Interpol, security services in 6 countries look for Russian student allegedly kidnapped by ISIS

Reuters / Ali Jarekji
Russia's Foreign Ministry and security services internationally are involved in the search for a 19-year old Russian student, who went missing last week. The girl is believed to have been recruited by ISIS, her family’s lawyer said.

Varvara Karaulova, a student in the philosophy department of Moscow State University, went missing on May 27, her father Pavel Karaulov announced on Facebook. The parents called in police after the girl told her mother she was going to the university, but did not return home that night.

Security services managed to track the girl's phone and passport, discovering that Varvara is currently in Turkey on the border with Syria, Pavel Karaulov claims. She took a flight from Moscow to Istanbul, "presumably to be transferred to Syria or Libya," he added.

My daughter is missing in Turkey!Please help to stop kidnapping and people trafficking!My daughter Varvara (Pavlovna)...Posted by Pavel Karaulov on Friday, May 29, 2015

Russian services as well as Interpol are trying to determine her whereabouts, lawyer Aleksandr Karabanov told TASS news agency. "Requests to five Interpol offices have been sent, including England, America and Turkey," he said. He also mentioned Spain and Syria among the countries involved in the search.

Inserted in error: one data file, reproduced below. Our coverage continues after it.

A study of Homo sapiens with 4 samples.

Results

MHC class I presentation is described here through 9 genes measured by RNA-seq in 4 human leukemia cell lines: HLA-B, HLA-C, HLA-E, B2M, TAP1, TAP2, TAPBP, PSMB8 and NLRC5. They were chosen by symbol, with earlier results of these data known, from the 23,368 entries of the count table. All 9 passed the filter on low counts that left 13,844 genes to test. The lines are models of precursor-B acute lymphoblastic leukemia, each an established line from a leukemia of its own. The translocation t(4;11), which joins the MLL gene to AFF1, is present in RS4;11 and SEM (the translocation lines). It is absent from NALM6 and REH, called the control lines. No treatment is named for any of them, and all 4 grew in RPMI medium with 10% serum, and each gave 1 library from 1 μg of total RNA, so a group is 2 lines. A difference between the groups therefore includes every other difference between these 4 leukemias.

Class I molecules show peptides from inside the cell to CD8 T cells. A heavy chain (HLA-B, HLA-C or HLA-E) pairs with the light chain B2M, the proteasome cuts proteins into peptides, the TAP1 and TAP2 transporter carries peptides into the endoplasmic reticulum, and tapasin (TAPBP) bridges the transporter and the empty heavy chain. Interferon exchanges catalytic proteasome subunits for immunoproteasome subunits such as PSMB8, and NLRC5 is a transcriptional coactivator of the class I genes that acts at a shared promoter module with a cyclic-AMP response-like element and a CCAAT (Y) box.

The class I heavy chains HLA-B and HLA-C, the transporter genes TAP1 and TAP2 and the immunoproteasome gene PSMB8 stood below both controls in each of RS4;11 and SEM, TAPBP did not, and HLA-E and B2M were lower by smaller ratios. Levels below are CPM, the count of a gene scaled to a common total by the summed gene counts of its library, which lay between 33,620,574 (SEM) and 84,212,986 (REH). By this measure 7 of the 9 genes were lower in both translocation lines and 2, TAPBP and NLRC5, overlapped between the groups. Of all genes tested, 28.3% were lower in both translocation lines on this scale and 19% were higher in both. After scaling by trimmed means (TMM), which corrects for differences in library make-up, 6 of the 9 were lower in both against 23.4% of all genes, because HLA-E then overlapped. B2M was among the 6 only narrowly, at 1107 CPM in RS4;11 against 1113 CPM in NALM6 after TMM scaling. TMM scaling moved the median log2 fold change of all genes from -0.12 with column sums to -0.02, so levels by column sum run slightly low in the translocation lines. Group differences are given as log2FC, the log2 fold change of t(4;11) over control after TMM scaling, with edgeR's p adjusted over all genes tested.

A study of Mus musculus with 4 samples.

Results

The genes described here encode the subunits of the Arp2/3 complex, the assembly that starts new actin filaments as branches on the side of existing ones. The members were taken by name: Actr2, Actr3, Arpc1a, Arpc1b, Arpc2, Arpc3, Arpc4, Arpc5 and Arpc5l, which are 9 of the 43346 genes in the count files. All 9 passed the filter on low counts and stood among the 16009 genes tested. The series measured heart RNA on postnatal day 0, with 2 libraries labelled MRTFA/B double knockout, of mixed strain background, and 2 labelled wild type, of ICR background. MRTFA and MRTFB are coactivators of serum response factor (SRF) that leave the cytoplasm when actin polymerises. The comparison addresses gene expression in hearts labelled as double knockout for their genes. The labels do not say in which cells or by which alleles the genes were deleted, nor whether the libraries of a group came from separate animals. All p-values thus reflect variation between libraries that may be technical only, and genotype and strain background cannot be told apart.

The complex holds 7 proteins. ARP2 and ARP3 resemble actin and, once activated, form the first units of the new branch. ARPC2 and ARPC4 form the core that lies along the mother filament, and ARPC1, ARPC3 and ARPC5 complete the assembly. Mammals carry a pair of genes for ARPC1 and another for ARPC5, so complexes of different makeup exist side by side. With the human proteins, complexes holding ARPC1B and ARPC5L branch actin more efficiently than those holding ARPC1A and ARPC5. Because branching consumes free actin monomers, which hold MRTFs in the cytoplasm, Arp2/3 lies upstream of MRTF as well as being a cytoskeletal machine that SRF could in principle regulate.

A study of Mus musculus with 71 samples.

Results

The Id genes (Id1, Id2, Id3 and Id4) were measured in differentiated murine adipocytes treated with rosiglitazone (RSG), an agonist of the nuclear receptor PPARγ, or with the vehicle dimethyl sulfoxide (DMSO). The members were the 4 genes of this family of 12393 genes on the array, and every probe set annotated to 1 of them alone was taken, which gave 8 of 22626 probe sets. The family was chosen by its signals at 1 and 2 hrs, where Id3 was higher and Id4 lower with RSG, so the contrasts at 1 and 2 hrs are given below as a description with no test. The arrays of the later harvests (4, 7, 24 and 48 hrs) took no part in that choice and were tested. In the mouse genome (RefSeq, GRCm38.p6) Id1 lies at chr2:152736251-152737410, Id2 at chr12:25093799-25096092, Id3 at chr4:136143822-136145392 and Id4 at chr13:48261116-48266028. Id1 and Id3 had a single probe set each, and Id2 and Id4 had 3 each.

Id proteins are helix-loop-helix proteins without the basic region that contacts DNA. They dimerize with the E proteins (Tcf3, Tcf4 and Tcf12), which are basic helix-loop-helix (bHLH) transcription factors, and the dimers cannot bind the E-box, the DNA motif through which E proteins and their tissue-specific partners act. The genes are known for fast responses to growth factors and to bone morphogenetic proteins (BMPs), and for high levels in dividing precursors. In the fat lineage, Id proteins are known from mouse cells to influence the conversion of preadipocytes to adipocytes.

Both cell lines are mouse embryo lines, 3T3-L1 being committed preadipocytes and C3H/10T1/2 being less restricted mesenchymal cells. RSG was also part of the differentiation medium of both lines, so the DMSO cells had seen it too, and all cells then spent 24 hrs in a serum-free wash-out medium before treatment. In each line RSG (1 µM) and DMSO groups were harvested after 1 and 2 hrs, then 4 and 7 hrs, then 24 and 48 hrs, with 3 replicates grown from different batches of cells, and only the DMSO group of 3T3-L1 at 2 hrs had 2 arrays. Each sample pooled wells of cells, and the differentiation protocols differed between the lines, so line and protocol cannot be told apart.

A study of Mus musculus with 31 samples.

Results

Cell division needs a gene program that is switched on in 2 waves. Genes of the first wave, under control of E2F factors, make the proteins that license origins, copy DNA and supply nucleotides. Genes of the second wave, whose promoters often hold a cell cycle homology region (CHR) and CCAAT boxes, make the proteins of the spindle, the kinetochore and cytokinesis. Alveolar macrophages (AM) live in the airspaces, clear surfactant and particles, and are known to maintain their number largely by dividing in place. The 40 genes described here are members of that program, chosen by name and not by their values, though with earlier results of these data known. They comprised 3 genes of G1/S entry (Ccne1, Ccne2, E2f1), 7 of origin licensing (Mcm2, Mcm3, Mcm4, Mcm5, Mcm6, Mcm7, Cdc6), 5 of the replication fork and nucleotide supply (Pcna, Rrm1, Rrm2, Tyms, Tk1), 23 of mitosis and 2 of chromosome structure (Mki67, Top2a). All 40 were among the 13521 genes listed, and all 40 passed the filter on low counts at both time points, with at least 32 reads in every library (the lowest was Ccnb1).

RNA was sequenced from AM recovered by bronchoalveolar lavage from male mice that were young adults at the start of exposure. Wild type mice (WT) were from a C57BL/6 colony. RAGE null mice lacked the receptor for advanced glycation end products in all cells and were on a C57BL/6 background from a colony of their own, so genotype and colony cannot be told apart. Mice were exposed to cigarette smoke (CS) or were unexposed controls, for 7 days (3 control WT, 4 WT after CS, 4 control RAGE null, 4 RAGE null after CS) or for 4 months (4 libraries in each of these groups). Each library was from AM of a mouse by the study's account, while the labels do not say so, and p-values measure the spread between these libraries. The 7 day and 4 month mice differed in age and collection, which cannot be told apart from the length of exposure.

"There are positive indicators that the girl has been recruited - which so far cannot be disclosed for legal reasons. An organization which made the decision to kidnap her did so to use her in their interests. Presumably, the girl will be used as an influence agent in Europe," lawyer Aleksandr Karabanov told Russia's Kommersant daily, adding that the Russian girl who is fluent in English, Arabic, German, French and Latin, might be used to recruit "students like her."



Russia's Foreign Ministry "is actively working on locating Varvara Karaulova's whereabouts," the Ministry said on Wednesday.

The Russian General Consulate in Istanbul confirmed to RIA Novosti that diplomats have been briefed regarding the case, and measures are being taken to find the girl.



The girl has also recently changed her name on a mobile messenger from the Russian Varvara to Amina, written in Arabic, her friends from school told LifeNews.

"This is a real threat," Karaulov told The Insider, adding that the issue of IS recruiting is being "underestimated" in Russia. Having said that he has been in contact with many people around the world regarding the matter, the missing girl's father said the threat "is not being realized, and no actions are taken to prevent it…People should at least be warned that such danger exists,” adding that the contacts he's built could be a base for an international "standoff network."